But it's turning up that counts, right? And could Mazda's efforts with the new crossover be just what the market was waiting for?
To all intents and purposes, yes, the CX-30 is a crossover (i.e. slightly fatter) version of the Mazda3, but with its plumped up physique comes increased practicality, and testing it on the roads surrounding Frankfurt we soon discovered it is very nearly as good to drive too.
With body control more akin to a family hatchback than an SUV, the engineering of the CX-30, which feels like it has been mastered by people who really love to drive, ensures it doesn't roll around too much on corners, and feels steady and secure to drive. It also has a general sense of comfort and smoothness, although driving it on German roads around Frankfurt may be a little more generous to the car than those pothole-ridden ones we get in the UK. While the steering might not feel particularly quick, it is precise and nicely-weighted around corners, and reminds you of the emphasis Mazda places on driving experience.
The CX-30 offers a 430-litre boot, which is 72 litres bigger than its 3 sibling, despite being both shorter overall with a smaller wheelbase, although it is naturally quite a bit taller, ensuring increased headroom for passengers. However, competition in this small SUV class is fierce, and Mazda has decided to prioritise the CX-30's sleek design over outright practicality, meaning its 430 litres is quite a bit less than the 521 offered in the Skoda Karoq. Another differing factor from the 3 is the visibility that you gain when sitting in the CX-30. In the 3, we found the A-pillars to be quite intrusive and over-the-shoulder visibility wasn't great either - both problems are solved in this crossover.
It is also similar to the 3 in terms of its engine line-up, using the 1.8-litre diesel and a couple of petrols too. One of them is the painfully underpowered 2.0-litre unit, but that is where the similarities end, and the CX-30 reveals an important string to its bow. The other petrol engine on offer is a much more interesting engine called Skyactiv-X. Mazda's next step in its mission against the trend for downsized turbocharged petrol engines is to come up with new technology for a petrol engine to deliver the fuel economy of a diesel.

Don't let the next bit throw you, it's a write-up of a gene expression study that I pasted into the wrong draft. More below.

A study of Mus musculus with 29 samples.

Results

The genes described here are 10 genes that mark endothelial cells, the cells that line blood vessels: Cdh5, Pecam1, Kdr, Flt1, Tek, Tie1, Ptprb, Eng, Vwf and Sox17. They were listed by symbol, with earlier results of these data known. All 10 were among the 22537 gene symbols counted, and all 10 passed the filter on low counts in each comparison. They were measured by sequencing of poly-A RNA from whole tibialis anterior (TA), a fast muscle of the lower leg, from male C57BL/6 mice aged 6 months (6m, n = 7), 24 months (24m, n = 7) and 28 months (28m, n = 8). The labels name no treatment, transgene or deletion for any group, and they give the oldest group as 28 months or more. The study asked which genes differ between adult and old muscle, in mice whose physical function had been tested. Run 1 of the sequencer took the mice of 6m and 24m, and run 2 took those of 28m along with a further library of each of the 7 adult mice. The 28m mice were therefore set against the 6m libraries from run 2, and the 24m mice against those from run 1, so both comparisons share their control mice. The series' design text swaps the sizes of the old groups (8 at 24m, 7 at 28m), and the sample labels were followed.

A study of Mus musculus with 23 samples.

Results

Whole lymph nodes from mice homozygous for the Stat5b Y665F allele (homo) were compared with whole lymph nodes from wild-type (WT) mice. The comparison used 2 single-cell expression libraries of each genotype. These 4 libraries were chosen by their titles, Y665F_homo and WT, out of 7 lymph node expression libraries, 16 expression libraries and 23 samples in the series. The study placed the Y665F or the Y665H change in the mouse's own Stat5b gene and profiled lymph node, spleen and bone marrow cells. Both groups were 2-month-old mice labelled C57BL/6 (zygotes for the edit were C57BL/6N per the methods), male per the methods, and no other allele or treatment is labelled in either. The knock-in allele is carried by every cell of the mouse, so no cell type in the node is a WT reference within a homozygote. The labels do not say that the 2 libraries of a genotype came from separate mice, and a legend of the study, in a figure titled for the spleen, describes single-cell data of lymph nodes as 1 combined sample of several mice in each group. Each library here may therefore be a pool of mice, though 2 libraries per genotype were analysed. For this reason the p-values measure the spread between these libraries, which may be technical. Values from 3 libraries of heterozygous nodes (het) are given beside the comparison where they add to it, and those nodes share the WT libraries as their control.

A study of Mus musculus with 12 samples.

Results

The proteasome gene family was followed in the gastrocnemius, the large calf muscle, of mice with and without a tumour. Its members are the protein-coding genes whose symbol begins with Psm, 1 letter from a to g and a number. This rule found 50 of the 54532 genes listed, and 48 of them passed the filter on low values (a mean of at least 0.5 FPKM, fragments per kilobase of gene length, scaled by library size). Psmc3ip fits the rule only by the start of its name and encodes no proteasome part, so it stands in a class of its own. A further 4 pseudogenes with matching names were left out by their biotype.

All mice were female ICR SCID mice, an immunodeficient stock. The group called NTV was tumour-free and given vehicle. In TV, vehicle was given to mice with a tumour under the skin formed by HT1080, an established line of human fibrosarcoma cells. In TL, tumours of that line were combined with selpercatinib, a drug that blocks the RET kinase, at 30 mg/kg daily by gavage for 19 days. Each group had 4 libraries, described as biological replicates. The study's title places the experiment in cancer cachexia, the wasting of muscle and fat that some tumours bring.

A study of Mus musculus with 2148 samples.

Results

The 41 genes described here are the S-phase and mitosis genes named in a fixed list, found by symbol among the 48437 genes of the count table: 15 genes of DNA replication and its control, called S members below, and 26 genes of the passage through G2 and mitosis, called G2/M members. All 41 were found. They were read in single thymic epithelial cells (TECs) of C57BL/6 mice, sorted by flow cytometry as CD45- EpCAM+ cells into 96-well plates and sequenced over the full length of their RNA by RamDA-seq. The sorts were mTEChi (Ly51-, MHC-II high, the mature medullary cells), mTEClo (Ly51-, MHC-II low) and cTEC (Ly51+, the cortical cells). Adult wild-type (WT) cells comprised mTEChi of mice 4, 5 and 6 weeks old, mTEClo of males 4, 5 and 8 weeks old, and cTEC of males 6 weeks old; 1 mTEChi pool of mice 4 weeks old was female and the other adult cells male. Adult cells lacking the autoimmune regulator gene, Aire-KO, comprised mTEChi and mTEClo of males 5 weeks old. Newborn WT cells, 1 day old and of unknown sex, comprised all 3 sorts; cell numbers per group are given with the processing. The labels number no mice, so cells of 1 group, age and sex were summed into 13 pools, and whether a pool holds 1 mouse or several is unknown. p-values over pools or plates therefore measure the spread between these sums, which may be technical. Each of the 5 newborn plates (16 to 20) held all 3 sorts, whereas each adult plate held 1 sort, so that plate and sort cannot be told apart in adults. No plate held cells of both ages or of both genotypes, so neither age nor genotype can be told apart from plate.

Without delving too much into the technical details, Skyactiv-X is effectively a petrol engine that uses diesel-style compression ignition. According to Mazda's powertrain engineers, the general idea is that you get the lower end torque characteristic of a diesel, but the refinement and pull of a petrol. The 2.0-litre unit offers 180hp, but to be honest, it doesn't feel anywhere near that powerful. Luckily, by going through the menu on the infotainment screen to 'efficiency', you can watch an interactive image of what is going on under the bonnet, but other than that, you really wouldn't know that clever things are taking place.
It is the diesel that really shines in this car as the engine of choice. It has more torque and pulling power than both of the petrols, and feels more suited to the character and style of this crossover, especially when mated with the AWD system offered in the CX-30, which you don't get in the 3. As for the six-speed automatic transmission, it is really smooth and decisive, and well matched to the diesel engine.
The equipment levels haven't been released yet, but expect them to be the same as in the 3. However, opting for the CX-30 means a £2,000-3,000 premium in comparison with the 3, edging it into premium crossover territory. That makes it more expensive than an equivalent Qashqai; however, the feeling of quality and refinement in this car means you definitely feel like you are getting what you paid for. Materials are strong and high-quality, switches operate satisfyingly and are logically laid out, and the new 8.8in infotainment display looks good and is easy to use.
You will be glad to know that the CX-30 definitely steps on the toes of premium rivals in terms of luxury, and is way ahead of its more mainstream rivals in that department. Nearly everything is soft touch, and it feels like a lot of time and effort went into the design inside and out, except for that awful black cladding . . .
We are still waiting for the economy figures for the CX-30, but you can expect it to be among the most affordable compact SUVs on the market in that respect. Even the thirstiest Skyactiv-G 2.0-litre petrol can manage a respectable 53.3mpg with FWD and a manual gearbox. The anticipated Skyactiv-X engine is expected to have the lowest CO2 emissions, but alternatively, opting for the 1.8-litre diesel we drove here can return up to 57.6mpg, with CO2 emissions from around the 120g/km mark.
Mazda is yet to release pricing, but if it is a high-quality SUV you're after with copious amounts of driver appeal too, the CX-30 should definitely be on your shortlist.